USC Pacific Asia Museum

Pasadena, California 91101
Photographs of New Guinea
by Chris Rainier

February 17, 2002–April 28, 2002
Members' Opening Reception: 6–8pm, Sunday February 17, 2002

Gogodala Clan Racing Canoe
Gogodala Clan Racing Canoe
Chris Rainier

This rare exhibition, Where Masks Still Dance: Photographs of New Guinea by Chris Rainier, combines the photographs of New Guinea of celebrated photographer Chris Rainier with spectacular art objects from this Pacific island from the collection of USC Pacific Asia Museum's collection.

Photographer Chris Rainier travels the world documenting indigenous peoples as well as conflicts and wars, and his work has appeared in Life, Time, National Geographic, and other prestigious publications. From 1980 to 1985, Rainier worked as a photographic assistant to Ansel Adams. In eight trips over ten years to the island of New Guinea, comprised of Papua New Guinea and Irian Jaya (part of Indonesia), Rainier documented the traditional rituals, architecture, and costumes of many of the 1,000 or so distinct cultures inhabiting the island. Through his dramatic black and white photographs of New Guinea, he artfully captures the spirit of the people of this South Pacific island. His photographs not only illustrate the vibrancy of some of the world's lesser known cultures, but also paint a larger picture of the human spirit as a whole.

Canoe Board
Canoe Board,
Trobriand Islands, New Guinea. Early 20th century.
Wood, color pigments.
PAM Collection.
Gift of Harland Givelber.

To accompany this photography exhibit, several items from USC Pacific Asia Museum's impressive collection of art objects from New Guinea will be displayed. These remarkable objects, made of wood, shells, bone, and various other indigenous materials, are rarely exhibited at the museum due to limited gallery space. Rainier's photographs, in which many similar objects are depicted in their original setting, provide an ideal complement to these art works, some of which are being displayed for the first time at USC Pacific Asia Museum.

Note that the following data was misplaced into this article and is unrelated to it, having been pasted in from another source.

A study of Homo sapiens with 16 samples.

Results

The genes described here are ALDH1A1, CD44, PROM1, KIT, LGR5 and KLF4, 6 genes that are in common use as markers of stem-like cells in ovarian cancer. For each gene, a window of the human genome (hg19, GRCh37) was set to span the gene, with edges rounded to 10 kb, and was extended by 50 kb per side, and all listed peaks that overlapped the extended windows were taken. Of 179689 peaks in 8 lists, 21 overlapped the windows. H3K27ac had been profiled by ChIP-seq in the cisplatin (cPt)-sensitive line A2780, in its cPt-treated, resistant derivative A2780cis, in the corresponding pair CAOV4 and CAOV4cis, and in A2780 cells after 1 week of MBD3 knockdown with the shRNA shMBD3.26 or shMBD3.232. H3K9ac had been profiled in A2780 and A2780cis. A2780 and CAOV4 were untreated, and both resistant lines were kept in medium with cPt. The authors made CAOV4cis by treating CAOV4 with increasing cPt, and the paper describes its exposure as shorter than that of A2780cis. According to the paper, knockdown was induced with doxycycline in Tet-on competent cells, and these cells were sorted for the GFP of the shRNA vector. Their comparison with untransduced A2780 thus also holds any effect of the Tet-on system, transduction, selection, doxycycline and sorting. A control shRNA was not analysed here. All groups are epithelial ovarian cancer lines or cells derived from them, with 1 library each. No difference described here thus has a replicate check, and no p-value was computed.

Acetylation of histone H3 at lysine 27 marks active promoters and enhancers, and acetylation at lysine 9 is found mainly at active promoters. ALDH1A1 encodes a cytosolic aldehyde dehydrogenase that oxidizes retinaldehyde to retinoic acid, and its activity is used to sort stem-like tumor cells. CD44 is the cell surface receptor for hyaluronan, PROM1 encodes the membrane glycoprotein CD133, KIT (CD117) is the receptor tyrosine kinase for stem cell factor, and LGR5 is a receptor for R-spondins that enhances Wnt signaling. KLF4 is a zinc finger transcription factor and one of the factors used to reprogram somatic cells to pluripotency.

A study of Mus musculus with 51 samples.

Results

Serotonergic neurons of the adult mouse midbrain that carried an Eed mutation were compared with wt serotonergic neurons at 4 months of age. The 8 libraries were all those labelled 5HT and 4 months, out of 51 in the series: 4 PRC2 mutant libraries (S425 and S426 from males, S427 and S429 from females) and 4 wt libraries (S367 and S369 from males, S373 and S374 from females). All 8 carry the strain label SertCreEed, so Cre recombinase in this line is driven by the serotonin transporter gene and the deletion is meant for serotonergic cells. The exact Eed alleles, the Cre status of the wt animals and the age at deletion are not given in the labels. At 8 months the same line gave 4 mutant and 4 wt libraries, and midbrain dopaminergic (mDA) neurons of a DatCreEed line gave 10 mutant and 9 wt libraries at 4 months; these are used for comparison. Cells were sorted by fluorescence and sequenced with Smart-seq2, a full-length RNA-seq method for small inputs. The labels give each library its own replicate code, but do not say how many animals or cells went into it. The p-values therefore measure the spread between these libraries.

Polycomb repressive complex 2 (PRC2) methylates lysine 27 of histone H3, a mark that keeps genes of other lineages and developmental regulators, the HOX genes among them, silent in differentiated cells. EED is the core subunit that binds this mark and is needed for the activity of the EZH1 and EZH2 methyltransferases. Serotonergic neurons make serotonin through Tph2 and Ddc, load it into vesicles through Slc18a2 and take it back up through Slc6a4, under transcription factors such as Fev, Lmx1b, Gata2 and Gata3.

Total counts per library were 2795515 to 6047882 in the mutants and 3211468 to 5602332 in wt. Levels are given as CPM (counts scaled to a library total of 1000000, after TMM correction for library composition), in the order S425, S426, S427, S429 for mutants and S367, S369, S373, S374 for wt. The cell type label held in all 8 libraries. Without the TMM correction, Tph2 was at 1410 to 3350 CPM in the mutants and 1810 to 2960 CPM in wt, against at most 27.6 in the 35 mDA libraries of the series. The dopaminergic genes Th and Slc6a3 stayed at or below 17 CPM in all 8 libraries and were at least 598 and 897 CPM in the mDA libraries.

For more information about this exhibition, please contact (626) 449-2742, extension 19.

Related Festivals, Lectures, and Talks:

Saturday February 23, 11am Lecture
Oceanic Art

Michael Hamson
Visitors are invited to attend a slide lecture by Oceanic art dealer Michael Hamson. Mr. Hamson is a private dealer and has studied both African and Oceanic art history. He has made numerous trips to New Guinea. Michael will speak about the art of New Guinea and his travels in the area. Mr. Hamson will focus particularly on the aesthetics and power of images used in the art objects.

Saturday March 16, 1-4pm Family Festival
Pacific Island Festival
of Masks
1:30pm Lecture
We are pleased to host Chris Rainier, acclaimed photographer of Where Masks Still Dance, who will speak about his experiences with the peoples of New Guinea and his many travels. Visitors may participate in an Asmat shield making workshop. Children may try their hand at tattoo painting and of course, mask making. Pacific Island music and dance will be featured and a sampling of traditional foods will be available.
This event is free to the public.

Friday March 22, 6:30-8pm Lecture
Music and Dance Traditions of Papua New Guinea

Mark Eby and Robert Reigle
The music of Papua New Guinea remains virtually unknown outside of the island nation but ranges from traditional repertoires with unique instruments, complex stories, and sacred sounds, to modern popular and Christian songs. Music is inseparable from dance in the country, and the Tok Pisin word for music, "singsing" includes both dance and song. This lecture will present a brief sampling of the wide variety of New Guinean traditional musics. Robert Reigle spent three years living in Madang Province. He studied the sacred music concerned with the "tambaran" spirits and taught ethnomusicology at the University of Papua New Guinea.
This event is free with Museum admission.

Saturday April 6, 2-4pm Lecture
The Cultural Diversity of New Guinea

Lesley Ann Martin
Lesley Ann Martin has been importing objects from Papua New Guinea since 1983. She was born and raised on the island and learned her trade in the field. She will be speaking about the various cultures in Papua New Guinea ranging from those living in the Highlands to those in the Floodlands of the Sepik River. The talk will be illustrated with breathtaking slides.
This event is free with Museum admission.